It's just past midnight and the atmosphere is more party than funeral for the final hours of the Whitney Museum of Art's home on the Upper East Side. The crowds are lined up around the block, waiting to get in. Inside, wall-to-wall people, some with more than a slight buzz on, meander through the Jeff Koons retrospective that will close out the museum. The work is quite broad in topic and medium, but the artist is probably best known to the general public for his highly reflective reproductions of balloon animals and other mundane, kitschy objects. Although most of these were created long before the invention of the ubiquitous smartphone camera or Instagram, the pieces are perfectly suited for the current "selfie" craze. It was near impossible to move about the galleries without disrupting some group taking selfies in anything that reflected. Among all the crowds someone was even able to tag the wall of the fourth floor gallery just after midnight during the marathon 36 hour closeout of the building.
At 11 PM last Sunday, the Upper East Side location of the Whitney closed for the final time. Next year, the Breuer building will become a satellite location for the Met in an eight year agreement. The Whitney will reopen next spring in its new location at the main entry to the High Line. Breuer's building was but one chapter in the Whitney's long history of housing its collection. Gertrude Vanderbilt Whitney founded the Whitney in 1931 from her Whitney Studio (1914) and Whitney Studio Club (1918). The building was located at 8-12 West Eighth Street with renovations by G. McCullough Miller and Augustus L. Noel. Pressure quickly mounted from donors and patrons to leave the bohemian downtown for a more refined neighborhood. In the ensuing decades, alliances were attempted with numerous other institutions in the city, including a failed deal to relocate the collection to its own new wing at the Metropolitan Museum of Art in 1945 before falling apart by 1948. Robert Moses, serving on the board of the Met, fought against the plan due to its negative visual impact on Central Park. The failed alliance with the Met was followed by another attempted agreement with the Met and MoMa together, and a separate deal that led to their brief move into a wing of the MoMa in 1949 at 22 West 54th Street. Conditions proved unacceptably small and by 1958 the museum started looking for a new home three times its current size, in a building of its own.
In June of 1963, the Whitney organization announced the purchase of a 13,000 square foot parcel of land at 945 Madison Avenue, already under excavation for a co-op with financing troubles. After a selection process for an architect, which included Louis I. Kahn and Edward Larrabee Barnes, Marcel Breuer was announced as architect and released a design by December of the same year. Anyone familiar with the museum's decades long attempts at expanding Breuer's building will understand the incredible speed at which the initial building took shape.
Breuer's design occupied a corner site at Madison Avenue and 75th Street. Intended as sculpture, the project was conceived as three cantilevered boxes over a sunken court. The form appeared as an inverted diagram of New York's ubiquitous tiered towers To emphasize its sculptural quality and create a separation from the adjacent buildings, shear walls of exposed, board-formed reinforced concrete bookend the granite-clad cantilevers with a glass enclosed stairwell in between. Bush-hammered concrete aggregate enclose the stairwells, contrasting well with the large expanses of smooth, white gallery walls. Other than the stairwell and the all glass west lobby entry, the only other apertures above ground are the six angled bay windows of varying size on the north facade and a larger version on the west facade, which looms over Madison Avenue from the uppermost cantilever like the eye of Cyclops. There are galleries on the ground floor and within each of the three cantilevered volumes. A library and staff offices occupy the top floor, with an outdoor terrace created from its street setback. In the galleries, bluestone and split-slate line the floors and a concrete ceiling grid accommodates movable partitions and the incandescent lighting system. Below ground, a restaurant and sunken court for displaying large sculptures can be accessed from the lobby via an open, sculptural stair of rough concrete, continuing the design language of the gallery circulation stairs above.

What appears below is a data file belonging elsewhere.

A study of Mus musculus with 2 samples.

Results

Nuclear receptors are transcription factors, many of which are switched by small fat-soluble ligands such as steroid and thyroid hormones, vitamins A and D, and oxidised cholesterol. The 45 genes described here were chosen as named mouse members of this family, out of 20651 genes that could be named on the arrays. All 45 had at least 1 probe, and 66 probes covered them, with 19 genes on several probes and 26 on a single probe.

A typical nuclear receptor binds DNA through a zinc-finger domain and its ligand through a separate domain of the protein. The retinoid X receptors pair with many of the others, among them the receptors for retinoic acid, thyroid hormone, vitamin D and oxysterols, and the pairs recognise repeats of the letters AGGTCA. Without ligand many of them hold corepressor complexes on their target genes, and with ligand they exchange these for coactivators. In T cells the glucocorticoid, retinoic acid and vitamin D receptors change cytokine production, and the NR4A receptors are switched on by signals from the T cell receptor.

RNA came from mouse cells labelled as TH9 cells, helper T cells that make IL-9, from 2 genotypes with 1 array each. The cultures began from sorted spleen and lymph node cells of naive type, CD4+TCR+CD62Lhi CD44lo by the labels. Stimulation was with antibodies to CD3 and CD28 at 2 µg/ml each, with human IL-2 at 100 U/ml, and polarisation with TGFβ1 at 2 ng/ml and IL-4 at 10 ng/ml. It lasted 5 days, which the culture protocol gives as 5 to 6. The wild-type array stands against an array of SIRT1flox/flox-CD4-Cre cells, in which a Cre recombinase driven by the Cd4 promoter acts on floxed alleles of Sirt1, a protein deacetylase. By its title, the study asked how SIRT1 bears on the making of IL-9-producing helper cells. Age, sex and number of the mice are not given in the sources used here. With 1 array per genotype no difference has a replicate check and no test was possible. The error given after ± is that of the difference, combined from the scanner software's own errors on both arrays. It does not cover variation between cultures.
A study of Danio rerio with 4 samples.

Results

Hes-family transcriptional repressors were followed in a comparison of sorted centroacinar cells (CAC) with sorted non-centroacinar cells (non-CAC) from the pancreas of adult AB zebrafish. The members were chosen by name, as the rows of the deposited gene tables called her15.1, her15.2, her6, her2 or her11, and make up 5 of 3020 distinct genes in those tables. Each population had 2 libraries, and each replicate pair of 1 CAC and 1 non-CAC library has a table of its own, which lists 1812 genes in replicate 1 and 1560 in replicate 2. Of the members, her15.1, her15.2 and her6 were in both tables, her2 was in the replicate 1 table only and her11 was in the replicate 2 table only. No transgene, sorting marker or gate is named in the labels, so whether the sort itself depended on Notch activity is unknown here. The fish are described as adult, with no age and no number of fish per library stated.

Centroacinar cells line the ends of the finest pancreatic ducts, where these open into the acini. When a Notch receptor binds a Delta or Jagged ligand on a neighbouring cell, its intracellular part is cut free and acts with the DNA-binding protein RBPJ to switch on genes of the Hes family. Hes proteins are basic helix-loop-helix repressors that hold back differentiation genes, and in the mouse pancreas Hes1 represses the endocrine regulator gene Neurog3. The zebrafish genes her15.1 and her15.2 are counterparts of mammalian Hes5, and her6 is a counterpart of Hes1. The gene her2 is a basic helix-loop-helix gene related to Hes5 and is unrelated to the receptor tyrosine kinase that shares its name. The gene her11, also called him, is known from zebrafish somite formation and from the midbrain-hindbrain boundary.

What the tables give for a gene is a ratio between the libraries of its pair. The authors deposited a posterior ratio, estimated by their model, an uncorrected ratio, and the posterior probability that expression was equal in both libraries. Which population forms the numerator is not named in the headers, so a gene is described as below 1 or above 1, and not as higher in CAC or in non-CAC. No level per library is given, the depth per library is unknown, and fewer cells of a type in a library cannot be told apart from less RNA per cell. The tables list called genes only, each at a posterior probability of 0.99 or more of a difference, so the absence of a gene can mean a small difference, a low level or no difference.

When it opened in 1966, the Whitney was met with mixed reviews from the critics for its stark, heavy form at a time when most projects emphasized lightness and transparency. It found a champion of its design in Ada Louis Huxtable, the first architecture critic for The New York Times. Huxtable found merit in the project while acknowledging its challenging form to a public that valued lighter architecture.
"It may be too somber and severe for many tastes, but it is still a careful, conscientious search for a creative solution..."
Others, like critic Emily Genauer of the New York Herald Tribune, found it arrogant, aggressive, and "as alive as a clenched fist."
Like many buildings that initially challenge the public with non-familiar design, with time the Whitney has won over the majority of critics and general public alike. Hopefully the building will find a long term tenant committed to preserving the building and maintaining its function as gallery space.
Architect: Marcel Breuer; Program: Museum; Location: Upper East Side, New York, NY; Completion: 1966.